03/25/2015 8:53AM

Fornatale: Hugging the machine


Contest players have an amazing array of skills: Strong handicapping chops and the ability to strategize and make good decisions on the fly are all important in contests. But there’s an overlooked aspect to contest play that can make the difference between winning and losing: You’ve got to hug the machine.

The machine in question is whatever betting machine you’re using to punch in your bets. And this really only comes up in the last race of contests, the idea being that you need to have the ability to alter your bet even as the horses are entering the gate, based on the real-time tote information. You’ve got to be so close to the betting machine that you’re hovering over it, practically giving the hardware an embrace.

Hugging the machine exists in two separate forms.

In a mythical-money contest, like the old New York Racing Association contests, you hug the machine to see if the horse you want to play will be long-enough odds to get you to your goal. I think Paul Shurman was the first guy I ever heard use the phrase “hug the machine.” When he was helping me with “The Winning Contest Player,” he told me, “In the seventh race at Arlington, there was a late scratch, and that caused a delay, meaning it would be the last race in the contest. So, I was hugging the machine, just waiting to see what happened in the second-to-last race at Del Mar before I made my Arlington play.”

The concept also exists in live-bankroll events, only in those, the essential question isn’t “Can I bet this horse?” but “How much do I have to bet on this horse or exotic combination that I like?” While you’re hugging the machine, you might also have to have one eye on the betting-probables screen. The money coming in from the contest itself also can affect the odds. For example, at Santa Anita last week, the winning exacta combination for $1 in that last race went from $26 to $16 with zero minutes to post, in part because of money from the contest.

In that same Santa Anita contest, I saw a prime example of the failure to hug a machine costing a player. Frank Scatoni, my co-author on “Six Secrets of Successful Bettors” and a contributor to the Santa Anita website’s handicapping page, was playing in his first live-bankroll tournament. Going into the last race with a bankroll of $2,900, his main goal was to get a National Handicapping Championship seat. He figured he’d need between $6,000 and $7,000 to run at least eighth and achieve his goal. But first, he needed to finalize his selection.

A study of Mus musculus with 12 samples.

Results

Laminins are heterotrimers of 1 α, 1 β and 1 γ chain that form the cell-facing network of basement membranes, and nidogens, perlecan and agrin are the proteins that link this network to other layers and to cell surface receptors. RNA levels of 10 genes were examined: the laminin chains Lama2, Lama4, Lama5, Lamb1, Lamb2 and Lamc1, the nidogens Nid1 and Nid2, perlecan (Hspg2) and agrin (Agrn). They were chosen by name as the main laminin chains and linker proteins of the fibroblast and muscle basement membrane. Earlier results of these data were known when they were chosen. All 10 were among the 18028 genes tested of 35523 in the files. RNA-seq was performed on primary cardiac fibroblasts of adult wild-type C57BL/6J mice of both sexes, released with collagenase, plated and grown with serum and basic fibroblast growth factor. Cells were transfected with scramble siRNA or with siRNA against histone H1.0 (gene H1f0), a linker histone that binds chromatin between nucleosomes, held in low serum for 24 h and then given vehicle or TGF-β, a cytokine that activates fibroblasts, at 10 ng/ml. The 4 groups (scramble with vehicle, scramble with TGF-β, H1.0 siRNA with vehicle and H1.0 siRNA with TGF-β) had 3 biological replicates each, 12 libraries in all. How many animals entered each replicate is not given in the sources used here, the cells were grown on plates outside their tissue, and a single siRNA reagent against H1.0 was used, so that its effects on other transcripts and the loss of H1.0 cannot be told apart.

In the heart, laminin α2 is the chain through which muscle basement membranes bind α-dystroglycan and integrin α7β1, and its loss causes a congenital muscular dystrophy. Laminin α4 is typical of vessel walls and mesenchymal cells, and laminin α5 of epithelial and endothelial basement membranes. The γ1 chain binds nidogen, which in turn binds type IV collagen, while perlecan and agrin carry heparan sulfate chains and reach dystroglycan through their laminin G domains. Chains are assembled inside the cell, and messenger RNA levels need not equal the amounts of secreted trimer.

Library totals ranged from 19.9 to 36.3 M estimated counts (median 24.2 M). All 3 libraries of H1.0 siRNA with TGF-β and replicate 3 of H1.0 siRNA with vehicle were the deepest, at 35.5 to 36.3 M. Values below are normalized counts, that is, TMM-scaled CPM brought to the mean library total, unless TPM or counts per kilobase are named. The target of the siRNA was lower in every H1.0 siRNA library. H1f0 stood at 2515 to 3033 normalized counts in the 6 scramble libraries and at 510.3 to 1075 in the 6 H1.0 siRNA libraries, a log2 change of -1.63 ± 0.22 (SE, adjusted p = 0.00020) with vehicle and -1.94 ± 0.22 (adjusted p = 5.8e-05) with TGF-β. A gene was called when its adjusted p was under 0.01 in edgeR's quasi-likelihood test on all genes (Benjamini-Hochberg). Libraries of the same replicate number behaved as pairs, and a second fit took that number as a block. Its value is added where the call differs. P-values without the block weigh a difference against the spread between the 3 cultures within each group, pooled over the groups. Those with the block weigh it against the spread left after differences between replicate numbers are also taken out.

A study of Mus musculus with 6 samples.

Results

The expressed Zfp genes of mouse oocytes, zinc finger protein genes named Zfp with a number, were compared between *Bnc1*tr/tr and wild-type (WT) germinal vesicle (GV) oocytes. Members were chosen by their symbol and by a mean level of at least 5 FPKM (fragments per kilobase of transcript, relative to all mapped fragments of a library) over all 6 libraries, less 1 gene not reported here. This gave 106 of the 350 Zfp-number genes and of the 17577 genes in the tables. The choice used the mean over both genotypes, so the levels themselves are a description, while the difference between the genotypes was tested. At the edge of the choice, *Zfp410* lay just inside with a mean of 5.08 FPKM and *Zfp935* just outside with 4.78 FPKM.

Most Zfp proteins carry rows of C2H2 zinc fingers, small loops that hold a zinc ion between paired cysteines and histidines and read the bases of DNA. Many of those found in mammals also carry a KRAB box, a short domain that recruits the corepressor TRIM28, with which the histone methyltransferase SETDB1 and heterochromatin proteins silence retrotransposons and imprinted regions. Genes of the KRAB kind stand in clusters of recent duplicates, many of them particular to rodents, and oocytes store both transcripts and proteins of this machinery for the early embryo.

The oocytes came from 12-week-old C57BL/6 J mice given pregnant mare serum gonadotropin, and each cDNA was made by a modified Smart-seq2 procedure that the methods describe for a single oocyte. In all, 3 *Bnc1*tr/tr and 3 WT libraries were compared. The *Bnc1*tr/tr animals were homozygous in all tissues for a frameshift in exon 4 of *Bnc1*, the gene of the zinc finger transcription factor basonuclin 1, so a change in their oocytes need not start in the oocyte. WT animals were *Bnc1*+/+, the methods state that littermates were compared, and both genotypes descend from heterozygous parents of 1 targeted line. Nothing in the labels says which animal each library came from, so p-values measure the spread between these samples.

“I do extensive trip notes in Formulator,” said Scatoni, “and I really liked the note I had on Avenge from her dirt race two back: ‘made a very nice move on the turn before flattening out a bit; jock didn’t overly pursue.’ She followed up that effort with her first downhill turf try, where she ran respectably in a maiden special weight that was actually faster than stakes fillies later in the day.”

At 8-1 with four minutes to post, he figured $500 to win would yield around $4,000, giving him enough to meet his goal, even considering the possibility of a little late odds drop on Avenge. It was a rookie mistake. Unfortunately for Scatoni, there was no small odds drop. Avenge’s price was nearly halved by post time to 9-2, and he was not near enough to the betting machine, ensconced as he was in the Eddie Logan Suite.

Avenge ended up a pretty easy winner, and while he still collected more than $2,500 in real money on the wager, he didn’t really get to cheer the way he wanted to because he knew he was drawing stone-cold dead in the contest. “She made an easy lead and never looked back,” he said. “It was one of the easiest wins I’ve ever had – too bad it felt like a loss!”

:: Click here to purchase a copy of “The Winning Contest Player” by Peter Thomas Fornatale

In retrospect, he would have played the last race differently. “In addition to the win bet, I also spent about $500 worth of trifectas, trying to really crush something so I could even possibly get the win,” he said. “In hindsight, that was probably farfetched, considering how great the winner played, but at the time, I figured, ‘Why not at least try?’ If I had just taken that $500 in trifectas and bet it all to win on my top choice, even at her final odds of 9-2, I would have easily gotten an NHC seat and possibly much more.”

Scatoni acknowledged that there’s a learning curve when it comes to live-bankroll events. “Having spent the last three years focusing on mythical win-place tourneys, I realize that I was very out of practice for my first live-bankroll tournament,” he said. “It was a tough lesson to learn, but I can assure you I won’t make the same mistake ever again. If I find myself in the same spot, I’ll just double my win bet to be on the safe side.”

In this case, doubling the win bet wouldn’t have even been necessary – an extra $150 on the win end would have done it. In the end, Scatoni did make money on the day, but the education he received was of even more value. “I ended up doubling my bankroll,” he said, “but I was $700 shy of an NHC seat. That should never happen when you have the winner of the last race. Not being prepared for a significant late odds change cost me a placing. Lesson learned!”

Next time, he’ll be watching the board more closely and will be in a position to change his bet at the last second. He’ll be back playing in the Santa Anita Betting Challenge over Preakness weekend in May. If you’re looking for him, he’ll be the guy hugging the machine.